An interesting NPR article on Görlitz and its rejuvenation, on this, the 30th anniversary of the Fall of the Berlin Wall. I knew The Grand Budapest Hotel had been shot there, but didn't know about Inglourious Basterds. The new mayor says he's hoping to build train connections to Berlin and Prague.
Thanks for the link , Allison . It is , indeed , a beautiful place . I have my doubts as to whether direct rail links are practical , since the connection to Gorlitz is a direct route from Dresden ( ALEX train ) . Creating a line from Berlin , and / or Prague to Gorlitz would form a hypotenuse of a triangle between them , not saving much travel time over the existing routing . This would be unlikely to justify the massive expense of the construction of the rail lines . The place is well worth a visit , we loved it ..
Nice story, indeed. Not always correct, but no major flaws. Btw, not only the government provided money to restore the city, there was a lot of private money involved, too. And there was the anonymous person, of course, who - for more than a dozen years - gave one million DM, later the equivalent in Euro, every year for the restoration of the old town.
It is the Trilex, not ALEX, train that connects Dresden and Görlitz. There is already a railroad between Görlitz and Berlin and Görlitz and Prague which is served by regional trains (one change in Cottbus for Berlin, more changes for Prague). The problem - and that what the mayor meant - is that it is not electrified. That will cost a lot of money. At least the connection with Berlin will probably be upgraded in not so far future. The federal government gives some billion Euro to the Lausitz region (where Görlitz is) as compensation for the end of the coal mining industry there. This money will be used for better infrastructure (e.g. railroads.)
Sorry about that , it is indeed Trilex , I guess a bit of dyslexia on my part ( very bad pun intended ; -- )
I was in Goerlitz in May 2019 and it was great! Not a huge amount to do there, it provided a perfect vacation from my vacation spliced in between Krakow and Dresden. Walking the town is the main sight. If this town was in the U.S. I would consider retiring there.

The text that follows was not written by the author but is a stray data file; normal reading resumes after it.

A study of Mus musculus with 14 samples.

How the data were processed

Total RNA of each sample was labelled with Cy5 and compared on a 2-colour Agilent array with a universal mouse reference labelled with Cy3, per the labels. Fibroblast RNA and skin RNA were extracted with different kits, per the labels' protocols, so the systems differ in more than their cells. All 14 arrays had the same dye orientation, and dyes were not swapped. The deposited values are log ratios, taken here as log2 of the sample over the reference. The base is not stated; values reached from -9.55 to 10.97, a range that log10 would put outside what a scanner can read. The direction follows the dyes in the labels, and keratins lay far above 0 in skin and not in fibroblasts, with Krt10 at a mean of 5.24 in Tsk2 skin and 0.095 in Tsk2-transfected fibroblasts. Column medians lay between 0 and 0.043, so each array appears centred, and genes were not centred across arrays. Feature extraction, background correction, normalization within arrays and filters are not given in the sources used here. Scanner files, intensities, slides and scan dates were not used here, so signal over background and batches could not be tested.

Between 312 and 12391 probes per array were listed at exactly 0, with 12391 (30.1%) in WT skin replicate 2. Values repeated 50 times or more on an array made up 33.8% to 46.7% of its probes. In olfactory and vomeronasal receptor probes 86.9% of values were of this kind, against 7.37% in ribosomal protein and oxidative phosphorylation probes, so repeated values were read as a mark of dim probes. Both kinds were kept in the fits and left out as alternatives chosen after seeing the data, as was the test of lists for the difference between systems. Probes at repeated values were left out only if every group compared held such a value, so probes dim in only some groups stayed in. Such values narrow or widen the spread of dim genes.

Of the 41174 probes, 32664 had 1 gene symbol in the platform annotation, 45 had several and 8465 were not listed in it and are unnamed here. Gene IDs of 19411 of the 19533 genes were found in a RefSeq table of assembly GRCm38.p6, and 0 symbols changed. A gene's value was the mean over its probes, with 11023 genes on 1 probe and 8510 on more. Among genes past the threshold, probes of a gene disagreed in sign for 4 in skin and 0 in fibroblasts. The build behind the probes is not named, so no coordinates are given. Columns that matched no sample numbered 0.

If one is into Prussian-German history, the museum on Silesia (Schlesien Museum) is located in Gorlitz, another incentive for my going there.
I was in Goerlitz in May 2019 and it was great! Not a huge amount to
do there, it provided a perfect vacation from my vacation spliced in
between Krakow and Dresden. Walking the town is the main sight. If
this town was in the U.S. I would consider retiring there.
Görlitz was actually a retirement city in the 19th century. That's why the 19th century quarters are so huge and posh (for a provincial city). Görlitz was on the train route from Berlin to Silesia and the Silesian mountains, where the Hohenzollerns and the Prussian nobility spent their summers. And before Prussian times Görlitz was on one of the main medieval trade routes, the Via Regia, which connected Western Germany/Europe and Eastern Germany/Poland.
Görlitz always connected East and West. But since 1945 this role doesn't work anymore. Economically this part of Germany is just a transit region between the economic centres of Western Germany and the special economic zones of Poland, and touristically the routes changed too. People travel from North to South, fom Berlin to Prague/Vienna/Budapest via Dresden, or vice versa. Görlitz' hinterland on the now Polish side is unknown and touristically not attractive anymore. The area where the Prussian nobility spent their summers for example, with 40 castles and palaces, several large English landscape parks, one medieval town (Jelenia Gora, formerly Hirschberg) and several cute villages, was largely destroyed between 1950 and 1980. Even today most buildings aren't landmarked, since you have to prove a connection to Poland, which is difficult in former German regions.
That's why the mayor favors a North-South connection. Which sadly ignores the fact that Germany, and the state of Saxony, where Görlitz is located, plan a faster connection between Dresden and Prague (a tunnel through the Ore Mountains to bypass the Elbe valley), which would stengthen to North- South connection from Berlin to Prague via Dresden.